Calgary

More fines levied in UCP 'kamikaze' leadership campaign investigation

The Alberta Election Commissioner has leveled more fines tied to the ongoing investigation of the so-called "kamikaze" United Conservative Party leadership campaign of Jeff Callaway. 

Alberta's election commissioner has ordered Jeff Park to pay $10,500 for donating money that was not his

So far, $31,000 in fines have been levied in connection with donations to the 2017 UCP leadership campaign of Jeff Callaway, shown above. (CBC)

The Alberta Election Commissioner has leveled more fines tied to the ongoing investigation of the so-called "kamikaze" United Conservative Party leadership campaign of Jeff Callaway.

Jeffrey Park, who was Callaway's executive assistant during the campaign, has been fined a total of $10,500 for contributing money that was "given or furnished by another person," and for providing funds to his wife, Michelle, who then donated to the campaign.

A letter disclosed when Callaway and several others sought an injunction against the investigation shows the election commissioner determined a corporation controlled by Calgary businessman Robyn Lore donated $60,000 to the Callaway campaign through his communications manager, Cam Davies.

It's alleged that money was distributed to individuals like Park, who then donated it to the campaign in order to make it look legitimate.

Corporations are barred from making political donations.

Park's pay

Park said in an interview Thursday that he was paid for his work on the campaign by Energize Alberta, which he says he thought was a political action committee but is actually another corporation with Lore as a director. 

He said the money was paid directly from Davies, but that he didn't find that particularly unusual. 

He donated a total of $7,000 through himself and his wife after receiving a payment of $10,000 for his work. 

Park says he doesn't think he did anything wrong. 

"My role in the campaign was not financial. I was not obligated to know that. I went to work for Energize, I talked to the CFO of the campaign.… My obligation was just to speak with the CFO and make sure that the CFO believed this was all above board, which I did," he said. 

"So other than that I had no knowledge nor obligation to have any knowledge of the other financial arrangements."

Park says it looks to him like it was "structured so that I wouldn't know what was going on."

"If I were guilty, I probably could have gotten a much better deal, because I would've known something," said Park. 

"I would have been able to flip, I would have been able to tell them things they did not know. But they knew more than I did about the financing, about the allegations, at least, of backroom deals." 

Park says he is considering options for an appeal with his lawyer. 

$31,000 in fines

The fines against Park bring the total for irregular contributions to the campaign to $31,000, levied against four individuals. Two people have received letters of reprimand for their donations.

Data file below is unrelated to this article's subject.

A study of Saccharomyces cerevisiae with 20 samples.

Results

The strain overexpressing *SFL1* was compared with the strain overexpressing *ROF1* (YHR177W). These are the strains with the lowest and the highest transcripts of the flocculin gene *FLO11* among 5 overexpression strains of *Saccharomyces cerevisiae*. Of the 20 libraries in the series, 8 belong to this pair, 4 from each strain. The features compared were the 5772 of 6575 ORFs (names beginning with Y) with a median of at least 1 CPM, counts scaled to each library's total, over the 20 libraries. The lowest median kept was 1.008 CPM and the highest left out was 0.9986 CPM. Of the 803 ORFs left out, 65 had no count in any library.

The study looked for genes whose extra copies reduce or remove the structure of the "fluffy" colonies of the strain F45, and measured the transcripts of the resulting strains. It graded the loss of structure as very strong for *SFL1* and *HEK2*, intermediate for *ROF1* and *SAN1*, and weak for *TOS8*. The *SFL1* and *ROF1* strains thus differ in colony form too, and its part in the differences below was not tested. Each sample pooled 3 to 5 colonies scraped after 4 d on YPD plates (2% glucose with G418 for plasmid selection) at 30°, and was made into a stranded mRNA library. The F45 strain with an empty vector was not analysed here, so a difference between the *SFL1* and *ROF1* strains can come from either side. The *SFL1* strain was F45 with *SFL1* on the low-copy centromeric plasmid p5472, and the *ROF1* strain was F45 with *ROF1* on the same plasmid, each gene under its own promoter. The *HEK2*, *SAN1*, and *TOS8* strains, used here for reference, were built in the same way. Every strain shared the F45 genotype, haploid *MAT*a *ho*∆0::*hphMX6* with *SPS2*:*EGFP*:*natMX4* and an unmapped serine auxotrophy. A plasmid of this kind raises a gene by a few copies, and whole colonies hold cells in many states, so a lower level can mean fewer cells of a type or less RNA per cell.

Davies was also fined a total of $15,000 for obstruction of an investigation.

In addition, documents obtained by CBC News show Callaway and his former CFO, Lenore Eaton, are each facing the prospect of a $50,000 fine or two years in prison for "corrupt practices" in breach of the Elections Act.

Callaway has also been ordered by the election commissioner to repay $26,500 in donations, according to documents revealed in a court battle against the investigation, but that fine has not been officially posted on the commissioner's website.

'Kamikaze' campaign

Callaway ran a "kamikaze" campaign in 2017 on behalf of current premier-designate Jason Kenney, who won the party leadership on Oct. 28, 2017.

Callaway ran for the sole purpose of targeting Kenney's chief rival, former Wildrose leader Brian Jean, and then dropping out of the race to support Kenney.

Both men deny the allegations, but CBC News has obtained emails showing higher-ups in Kenney's campaign circle providing resources — strategic political direction, media, and debate talking points, speeches, videos and attack advertisements — to the Callaway campaign.

There was a timeline for when Callaway would drop out of the campaign and throw his support behind Kenney.

Kenney's deputy chief of staff, Matt Wolf, even emailed a resignation speech to Callaway the day he dropped out of the leadership race.

It's just one aspect of a troubled leadership race, which is being investigated by the RCMP.

CBC News has previously revealed voter fraud took place in the contest and confirmed a recent raid by the RCMP on a business owned by incoming Calgary-East MLA Peter Singh was tied to their separate investigation into voter fraud.

About the Author

Drew Anderson is a web journalist at CBC Calgary. Like almost every journalist working today, he's won a few awards. He's also a third-generation Calgarian. You can follow him on Twitter @drewpanderson. Contact him in confidence at drew.anderson@cbc.ca.